Fire fuel load assessment involves mapping and surveying areas to provide information on the type and level of fuels present and identifying the potential risks and management solutions. With our flora and vegetation expertise, we are able to fully assess sites for ecologically sustainable fuel load management.
Fire management planning can be undertaken following site assessments and determination of fire fuel loads. Fire management planning is prescriptive with defined actions to take in order to reduce fuel loads and manage loads into the future.
Manual removal of fuel load can involve large scale tree removal, canopy pruning, track pruning, brush cutting and removal of fallen debris and leaf litter.
Fire fuel load maintenance should be undertaken on an annual basis to ensure fuel loads are maintained at the desired level and to minimise the risk of fire.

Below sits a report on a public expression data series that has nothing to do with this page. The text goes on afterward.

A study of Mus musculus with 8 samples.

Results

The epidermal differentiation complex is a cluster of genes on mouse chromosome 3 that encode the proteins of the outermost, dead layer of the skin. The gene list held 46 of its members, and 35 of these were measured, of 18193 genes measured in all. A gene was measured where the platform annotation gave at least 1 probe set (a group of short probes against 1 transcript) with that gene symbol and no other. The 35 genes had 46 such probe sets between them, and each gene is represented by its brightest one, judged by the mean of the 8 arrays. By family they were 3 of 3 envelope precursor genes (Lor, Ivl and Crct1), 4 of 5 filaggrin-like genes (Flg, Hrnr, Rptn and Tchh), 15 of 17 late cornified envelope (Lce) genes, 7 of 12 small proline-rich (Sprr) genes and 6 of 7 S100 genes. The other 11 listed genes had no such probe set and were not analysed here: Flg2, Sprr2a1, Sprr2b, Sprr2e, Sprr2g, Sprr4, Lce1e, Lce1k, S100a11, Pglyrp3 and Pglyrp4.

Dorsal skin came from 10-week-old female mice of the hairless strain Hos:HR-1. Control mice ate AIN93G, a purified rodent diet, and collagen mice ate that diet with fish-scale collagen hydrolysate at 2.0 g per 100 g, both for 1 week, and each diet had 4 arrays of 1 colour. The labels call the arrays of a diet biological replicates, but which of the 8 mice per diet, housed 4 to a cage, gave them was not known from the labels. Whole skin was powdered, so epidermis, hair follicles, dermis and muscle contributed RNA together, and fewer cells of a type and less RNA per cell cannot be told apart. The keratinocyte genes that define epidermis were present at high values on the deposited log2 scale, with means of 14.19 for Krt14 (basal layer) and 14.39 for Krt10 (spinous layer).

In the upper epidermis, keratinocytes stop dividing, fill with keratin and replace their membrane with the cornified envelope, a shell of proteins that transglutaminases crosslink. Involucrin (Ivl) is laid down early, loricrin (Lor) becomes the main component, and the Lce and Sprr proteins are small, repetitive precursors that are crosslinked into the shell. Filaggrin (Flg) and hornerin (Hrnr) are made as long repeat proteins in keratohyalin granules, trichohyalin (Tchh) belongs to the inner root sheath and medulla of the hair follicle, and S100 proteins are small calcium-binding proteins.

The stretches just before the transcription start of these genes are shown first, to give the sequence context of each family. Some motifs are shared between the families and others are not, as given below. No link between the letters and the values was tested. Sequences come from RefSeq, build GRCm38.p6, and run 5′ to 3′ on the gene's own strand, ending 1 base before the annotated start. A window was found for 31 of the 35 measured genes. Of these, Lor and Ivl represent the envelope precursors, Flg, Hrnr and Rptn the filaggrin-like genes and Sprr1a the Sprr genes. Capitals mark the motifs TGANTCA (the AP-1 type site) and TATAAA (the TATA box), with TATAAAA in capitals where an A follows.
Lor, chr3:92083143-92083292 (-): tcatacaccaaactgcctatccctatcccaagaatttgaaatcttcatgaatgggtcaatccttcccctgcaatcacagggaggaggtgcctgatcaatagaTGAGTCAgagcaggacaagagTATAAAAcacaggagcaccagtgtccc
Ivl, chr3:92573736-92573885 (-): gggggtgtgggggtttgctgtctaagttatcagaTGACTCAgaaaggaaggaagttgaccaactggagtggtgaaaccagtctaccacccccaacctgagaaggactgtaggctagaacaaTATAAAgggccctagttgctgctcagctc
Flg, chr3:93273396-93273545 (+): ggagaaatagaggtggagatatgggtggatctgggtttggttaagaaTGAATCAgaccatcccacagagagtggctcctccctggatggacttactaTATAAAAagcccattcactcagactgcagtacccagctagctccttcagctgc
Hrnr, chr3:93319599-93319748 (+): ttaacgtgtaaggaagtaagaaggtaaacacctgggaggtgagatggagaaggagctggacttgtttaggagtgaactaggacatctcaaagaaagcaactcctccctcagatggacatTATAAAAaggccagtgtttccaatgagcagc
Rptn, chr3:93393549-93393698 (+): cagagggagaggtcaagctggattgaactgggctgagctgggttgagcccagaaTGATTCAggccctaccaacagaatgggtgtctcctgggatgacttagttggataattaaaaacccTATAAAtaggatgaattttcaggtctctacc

Natural Area can construct basic firebreaks by removing all the vegetation from a selected area and/or installing formal firebreaks using crushed limestone. The type of firebreak will always be site specific.
The removal of overhanging branches and shrubs to maintain clear tracks and reduce the probability of fires ‘jumping’ across physical divides between bushland pockets. This also contributes to providing safe egress through a bushland in the case of a fire.
Brush cutting is the removal of nearly all above ground biomass to reduce fire fuel loads along site boundaries and buffer zones. Typically, tall grasses are brush cut to prevent ignition of bushland from embers. Thinning is selectively removing branches from the canopy to reduce fuel load. Old and loose branches are generally targeted.